Tripping out in Kilkenny – Frank McNally on the people you meet at rock concerts

Bob Dylan performing at Nowlan Park, Kilkenny, on Sunday. Photograph: Raphael Pour-Hashemi

Bob Dylan performing at Nowlan Park, Kilkenny, on Sunday. Photograph: Raphael Pour-Hashemi

 

On the way to the Bob Dylan/Neil Young concert in Kilkenny on Sunday, I fell into conversation with an exotic-looking woman of a certain age (65 she later told me) who introduced herself with a phrase I couldn’t catch and then said: “I’m Welsh – we’re your cousins.”

She was an old hippy, clearly – I imagined flowers in her hair once, although now the only decorations there were dreadlocks. And she called me “babe” and “hun” a lot. But she also introduced herself to several other strangers within earshot, all with the same phrase I couldn’t catch and then: “I’m Welsh – we’re your cousins.”

She was very adamant on this point because, as I also learned, she was vehemently opposed to Brexit, which she blamed on the (expletive deleted) “E*gli*h.” She knew it would cause Ireland big problems, but it would also break up the union, she assured me. Even Wales, although it voted Leave, would go it alone.

I held up my hand to give her five, but she made a fist bump instead, and we missed

Not that she was upset about this. Her list of the things England had done to Wales historically made Phil Bennett’s pre-match pep talk from the 1977 Five Nations sound like the queen’s speech.

“We used to burn their holiday homes back in the 1970s,” she confessed at one point. Then she squeezed my arm conspiratorially and said: “But you guys did that too, babe.”

And before I could plead an alibi, she was on to something else.

By now we had arrived at Hebron Road, the strangely named location of Nowlan Park, which set me wondering why a road in Kilkenny should be called after a biblical city on the West Bank. And while I was wondering this, I missed the start of a story our Welsh cousin was telling about King Charles I and a vote in the English parliament that led to his downfall.

When she finished by asking, with a knowing look, “And what do you think the vote was?” I couldn’t even guess. So she told me, with a laugh: “Fifty-two, forty-eight!” And she enjoyed this 17th-century Brexit omen so much, she said: “Give me five, hun”.

I held up my hand to give her five, but she made a fist bump instead, and we missed. Then a helicopter passed overhead, and when she shouted that expression I couldn’t catch again, this time skyward and directed at “Bob”, I wondered briefly how she knew that the helicopter pilot was called “Bob”. Then I remembered where we were. 

I was worried my own reflexes might not be able to cope, and was very relieved to find myself rolling with the punches, still upright, two hours later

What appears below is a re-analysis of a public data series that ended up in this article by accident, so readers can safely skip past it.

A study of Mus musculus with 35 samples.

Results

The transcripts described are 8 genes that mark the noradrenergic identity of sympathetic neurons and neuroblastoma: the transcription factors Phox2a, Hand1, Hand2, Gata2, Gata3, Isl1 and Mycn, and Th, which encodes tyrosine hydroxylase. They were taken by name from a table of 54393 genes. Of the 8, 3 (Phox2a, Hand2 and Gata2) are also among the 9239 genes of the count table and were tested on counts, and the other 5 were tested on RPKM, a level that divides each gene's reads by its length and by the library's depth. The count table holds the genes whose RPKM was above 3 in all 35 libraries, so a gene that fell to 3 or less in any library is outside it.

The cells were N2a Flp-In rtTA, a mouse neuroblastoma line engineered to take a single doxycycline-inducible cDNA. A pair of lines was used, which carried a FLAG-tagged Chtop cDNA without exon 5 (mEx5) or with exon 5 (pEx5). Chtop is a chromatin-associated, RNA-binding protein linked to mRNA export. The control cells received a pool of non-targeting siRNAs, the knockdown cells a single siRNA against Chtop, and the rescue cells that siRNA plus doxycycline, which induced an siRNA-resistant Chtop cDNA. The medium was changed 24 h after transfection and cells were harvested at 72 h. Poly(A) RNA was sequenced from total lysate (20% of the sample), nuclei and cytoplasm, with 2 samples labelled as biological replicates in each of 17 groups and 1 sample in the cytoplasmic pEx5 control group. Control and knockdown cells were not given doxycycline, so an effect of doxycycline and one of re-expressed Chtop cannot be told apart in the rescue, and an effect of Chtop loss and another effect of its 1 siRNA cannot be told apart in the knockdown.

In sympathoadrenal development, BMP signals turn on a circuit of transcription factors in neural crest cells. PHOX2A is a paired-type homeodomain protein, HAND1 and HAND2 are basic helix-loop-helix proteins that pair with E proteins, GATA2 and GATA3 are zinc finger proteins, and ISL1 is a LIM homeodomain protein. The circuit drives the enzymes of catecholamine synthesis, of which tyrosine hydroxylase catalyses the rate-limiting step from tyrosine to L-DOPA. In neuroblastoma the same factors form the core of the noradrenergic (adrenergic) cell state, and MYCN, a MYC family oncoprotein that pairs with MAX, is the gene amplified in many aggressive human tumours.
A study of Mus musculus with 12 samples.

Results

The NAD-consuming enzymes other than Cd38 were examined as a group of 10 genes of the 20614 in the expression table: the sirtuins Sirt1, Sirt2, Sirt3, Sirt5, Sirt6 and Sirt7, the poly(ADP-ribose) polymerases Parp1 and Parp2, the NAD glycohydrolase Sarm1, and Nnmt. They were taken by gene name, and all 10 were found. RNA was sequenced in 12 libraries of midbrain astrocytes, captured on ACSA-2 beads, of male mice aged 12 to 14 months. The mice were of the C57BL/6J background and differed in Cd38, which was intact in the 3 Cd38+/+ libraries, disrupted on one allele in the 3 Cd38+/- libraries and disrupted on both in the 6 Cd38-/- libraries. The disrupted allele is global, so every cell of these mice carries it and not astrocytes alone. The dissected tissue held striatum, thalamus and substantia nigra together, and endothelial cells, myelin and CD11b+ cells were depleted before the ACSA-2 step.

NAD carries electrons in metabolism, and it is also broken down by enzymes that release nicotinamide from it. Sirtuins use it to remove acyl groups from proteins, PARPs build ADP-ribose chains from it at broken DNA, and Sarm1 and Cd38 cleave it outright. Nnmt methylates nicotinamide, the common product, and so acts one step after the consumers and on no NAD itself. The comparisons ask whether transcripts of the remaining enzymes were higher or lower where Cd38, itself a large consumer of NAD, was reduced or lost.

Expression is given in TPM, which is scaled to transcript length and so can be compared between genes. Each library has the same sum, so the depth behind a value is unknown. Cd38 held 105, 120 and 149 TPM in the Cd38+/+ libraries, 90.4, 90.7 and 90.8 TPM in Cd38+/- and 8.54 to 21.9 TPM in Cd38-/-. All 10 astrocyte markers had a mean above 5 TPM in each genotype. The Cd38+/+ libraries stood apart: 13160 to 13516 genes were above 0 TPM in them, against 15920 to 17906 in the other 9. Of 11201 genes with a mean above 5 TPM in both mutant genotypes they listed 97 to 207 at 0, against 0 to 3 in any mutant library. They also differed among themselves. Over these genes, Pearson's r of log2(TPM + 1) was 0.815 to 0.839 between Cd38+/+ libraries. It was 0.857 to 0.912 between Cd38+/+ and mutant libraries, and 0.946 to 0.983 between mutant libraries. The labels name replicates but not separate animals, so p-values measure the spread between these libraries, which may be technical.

Meanwhile, back at ground level, the 1979 popemobile suddenly appeared, on an outing from the National Wax museum. And for a weird moment, what with the helicopter and the popemobile and my visions of the West Bank, and a dreadlocked Welsh female pensioner talking about King Charles I, I had the weird sensation of being trapped inside a Bob Dylan song, from the years he was on drugs.

That passed quickly, but it was a strange thing in itself to be going to see two giants of 20th-century rock music performing in a provincial GAA pitch, especially in a double-header that suggested the traditional format of a first-round championship match.

Despite his surname, Neil Young was a bit mature to be playing minor. And yet he did – albeit with a Heart of Gold and a slightly different spelling – at one point, charmingly.

As for Bob, I was half-dreading his show, not having seen him live since Slane, half a lifetime ago. A while later, he had undergone his infamous epiphany, redesigning his vocal style and songbook in a way that Picasso redesigned people’s faces.

The mixed reviews had put me off going back until now. But it wasn’t only Dylan who had needed to change in the late-1980s, as he wrote in his autobiography. He also needed a new audience, because the old one “was past its prime and its reflexes were shot”.

So I was worried my own reflexes might not be able to cope, and was very relieved to find myself rolling with the punches, still upright, two hours later. 

Not only that, but my teenage sons, who I had dragged along for their education while fearing it was child cruelty, were visibly entertained. The younger one even professed to have enjoyed Dylan’s concert more than Young’s: “It had a different energy”.

I made up for them not being bored then by filling in them at great length on the way home about some of Mr Zimmerman’s many other reinventions, right back to when he swapped his birth surname for that of a famous poet. “Dylan Who?” they asked. Dylan Thomas, I said: “He was Welsh. They’re our cousins.”